Barn finds are the best finds for vintage car collectors

Audrey Davis
September 21 2021

Would you be excited to find a vintage car that’s been hidden away for decades? Sure – who wouldn’t? A pristine, vintage car might be the type of thing you can stumble upon maybe only a couple of times in a lifetime, and that’s only if you’re looking. Now, imagine finding hundreds of them, all at once.

175 hibernating classic cars: Gordostil/Twitter

If you have a passion for a certain brand, era, or style, and the means to buy and maintain a large number of vehicles, car collecting can be an immensely satisfying hobby. Just type “car collection” into YouTube and you’ll see what the hype is all about, with hundreds of videos popping up of car aficionados showing off their treasure troves. Usually, the cars in these luxury collections are in pristine condition, often with the goal of being paraded around at shows and entered into competitions. But not every collectible car is being meticulously displayed like Cameron’s dad’s Ferrari in Ferris Bueller. 

The term barn find typically refers to a classic car that’s been hidden away for a long period of time, but not necessarily abandoned. The owners of barn finds don’t always intend to bury treasure when stashing their cars in a garage, warehouse, or yes, a barn – sometimes a vehicle just proves too costly or difficult to maintain. Multiply that difficulty by 175, and you’ll understand the dilemma of one London collector who recently revealed a massive warehouse full of classic German and British vehicles. All the cars are currently up for sale, with an estimated total value of $1.4 million. And although none of them are in particularly great condition, does it really matter? For a true gearhead, the thrill of purchasing one of these rediscovered gems can make the restoration more than worth it.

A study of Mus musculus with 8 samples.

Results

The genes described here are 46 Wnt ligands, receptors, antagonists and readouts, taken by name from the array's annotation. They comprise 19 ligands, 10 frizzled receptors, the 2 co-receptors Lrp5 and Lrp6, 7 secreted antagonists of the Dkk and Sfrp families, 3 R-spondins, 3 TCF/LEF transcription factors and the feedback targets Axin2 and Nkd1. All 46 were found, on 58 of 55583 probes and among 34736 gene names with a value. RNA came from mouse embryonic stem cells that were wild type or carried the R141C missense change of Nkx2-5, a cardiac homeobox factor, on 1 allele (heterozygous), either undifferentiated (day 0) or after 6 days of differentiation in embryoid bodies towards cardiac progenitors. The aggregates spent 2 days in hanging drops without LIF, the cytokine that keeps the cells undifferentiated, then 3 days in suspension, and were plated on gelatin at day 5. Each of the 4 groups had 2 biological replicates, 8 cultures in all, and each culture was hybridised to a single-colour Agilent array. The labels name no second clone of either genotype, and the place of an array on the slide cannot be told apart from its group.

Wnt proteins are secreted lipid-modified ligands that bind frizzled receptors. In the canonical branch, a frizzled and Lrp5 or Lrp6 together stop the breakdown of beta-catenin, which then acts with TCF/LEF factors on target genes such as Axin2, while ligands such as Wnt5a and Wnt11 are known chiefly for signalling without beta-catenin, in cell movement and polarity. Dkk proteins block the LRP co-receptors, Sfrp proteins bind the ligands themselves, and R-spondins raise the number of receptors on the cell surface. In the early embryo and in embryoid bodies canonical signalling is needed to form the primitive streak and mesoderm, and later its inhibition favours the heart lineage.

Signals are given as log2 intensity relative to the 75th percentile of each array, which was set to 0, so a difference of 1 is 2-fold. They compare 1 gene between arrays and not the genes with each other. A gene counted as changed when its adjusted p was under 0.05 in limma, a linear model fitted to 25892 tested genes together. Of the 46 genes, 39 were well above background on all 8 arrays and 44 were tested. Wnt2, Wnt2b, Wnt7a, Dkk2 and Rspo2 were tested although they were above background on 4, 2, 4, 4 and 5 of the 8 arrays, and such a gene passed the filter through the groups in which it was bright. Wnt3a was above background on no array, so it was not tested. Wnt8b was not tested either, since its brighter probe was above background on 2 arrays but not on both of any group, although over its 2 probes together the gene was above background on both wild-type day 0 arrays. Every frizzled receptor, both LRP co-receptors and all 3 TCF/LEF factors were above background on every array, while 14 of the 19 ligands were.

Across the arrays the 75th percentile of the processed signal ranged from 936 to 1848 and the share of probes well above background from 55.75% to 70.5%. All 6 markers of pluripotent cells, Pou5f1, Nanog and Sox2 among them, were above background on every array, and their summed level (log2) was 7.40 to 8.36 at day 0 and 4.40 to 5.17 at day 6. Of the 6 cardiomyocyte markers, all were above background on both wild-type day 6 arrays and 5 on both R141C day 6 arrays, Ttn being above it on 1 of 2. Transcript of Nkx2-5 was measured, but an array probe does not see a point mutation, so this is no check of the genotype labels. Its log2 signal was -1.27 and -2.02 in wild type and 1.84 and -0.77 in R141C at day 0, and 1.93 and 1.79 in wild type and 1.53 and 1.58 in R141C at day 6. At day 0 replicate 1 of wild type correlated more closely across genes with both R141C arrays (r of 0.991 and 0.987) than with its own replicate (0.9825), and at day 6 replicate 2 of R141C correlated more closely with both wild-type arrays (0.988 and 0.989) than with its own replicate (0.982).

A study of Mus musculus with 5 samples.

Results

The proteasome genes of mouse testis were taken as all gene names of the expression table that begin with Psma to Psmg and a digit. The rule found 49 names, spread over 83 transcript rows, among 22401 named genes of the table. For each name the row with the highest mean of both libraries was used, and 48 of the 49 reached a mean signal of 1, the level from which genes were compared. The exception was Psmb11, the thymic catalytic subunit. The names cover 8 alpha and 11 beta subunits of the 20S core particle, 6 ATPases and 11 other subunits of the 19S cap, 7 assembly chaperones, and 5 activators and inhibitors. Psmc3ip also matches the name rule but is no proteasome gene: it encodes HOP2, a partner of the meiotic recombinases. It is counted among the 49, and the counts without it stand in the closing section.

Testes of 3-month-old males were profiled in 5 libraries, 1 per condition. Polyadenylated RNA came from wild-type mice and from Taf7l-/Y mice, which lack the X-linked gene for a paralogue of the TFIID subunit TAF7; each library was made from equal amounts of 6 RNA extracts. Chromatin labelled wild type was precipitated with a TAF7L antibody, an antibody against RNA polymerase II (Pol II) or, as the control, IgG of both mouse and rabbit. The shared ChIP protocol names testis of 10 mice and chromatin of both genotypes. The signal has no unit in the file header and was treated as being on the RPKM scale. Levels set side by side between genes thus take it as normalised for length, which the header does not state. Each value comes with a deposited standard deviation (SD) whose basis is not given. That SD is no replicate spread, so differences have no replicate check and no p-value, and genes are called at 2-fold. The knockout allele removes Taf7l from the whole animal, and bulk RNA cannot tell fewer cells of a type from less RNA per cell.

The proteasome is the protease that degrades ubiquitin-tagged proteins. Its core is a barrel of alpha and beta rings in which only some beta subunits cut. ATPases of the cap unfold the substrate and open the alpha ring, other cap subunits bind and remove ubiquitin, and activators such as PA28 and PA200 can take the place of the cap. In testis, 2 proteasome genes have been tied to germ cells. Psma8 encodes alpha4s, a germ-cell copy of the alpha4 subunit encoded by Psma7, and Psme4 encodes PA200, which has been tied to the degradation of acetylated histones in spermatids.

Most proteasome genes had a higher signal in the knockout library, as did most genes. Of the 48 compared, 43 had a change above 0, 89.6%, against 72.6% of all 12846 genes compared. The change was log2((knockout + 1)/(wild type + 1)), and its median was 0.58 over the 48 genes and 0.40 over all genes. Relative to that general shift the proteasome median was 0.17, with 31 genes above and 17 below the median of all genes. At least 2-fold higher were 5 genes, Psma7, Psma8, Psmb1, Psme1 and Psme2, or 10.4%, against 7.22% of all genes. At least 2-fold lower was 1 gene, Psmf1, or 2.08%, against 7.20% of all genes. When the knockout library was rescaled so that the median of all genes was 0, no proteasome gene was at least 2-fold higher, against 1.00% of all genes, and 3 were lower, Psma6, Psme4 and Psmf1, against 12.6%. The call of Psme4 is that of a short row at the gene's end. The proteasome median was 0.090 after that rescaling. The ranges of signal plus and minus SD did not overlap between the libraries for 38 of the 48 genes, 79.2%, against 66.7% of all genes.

Rover P6 rotting away...: Charles/Flickr/CC BY 2.0

The London collection, which was documented recently by Youtuber TheTFJJ, is obviously a notable example of how dramatic barn find discoveries can be. But it’s actually not that uncommon to find so many of these cars in one place, which is a huge part of the reason why barn find enthusiasts are so passionate about hunting them down. Here in the U.S., there have been quite a few impressive barn finds in recent years, like the 140-car collection auctioned off in Kansas last October, which was once owned by Moon Walk bouncy house inventor Bob Regehr. Other large collections have been much more mysterious in origin, like the hoard of over 300 cars revealed last year by the AMMO NYC YouTube channel.

The Bob Regehr Collection: Salvageprincess/Twitter

Like in the London warehouse video, AMMO NYC wasn’t able to provide much information about the origins of such an enormous collection. Sometimes that information is just impossible to know, especially in the case of very old barn finds, but sometimes it is withheld to protect the identity of the collector and the location of the collection itself. In London, the collector has chosen to remain anonymous, but has communicated to the press that the cars still run and are only being sold because the warehouse is about to be demolished. So, it sounds like this collector’s loss will be the gain of quite a few lucky barn-find lovers. Take it as a rare opportunity to breathe new life into a lost vintage treasure.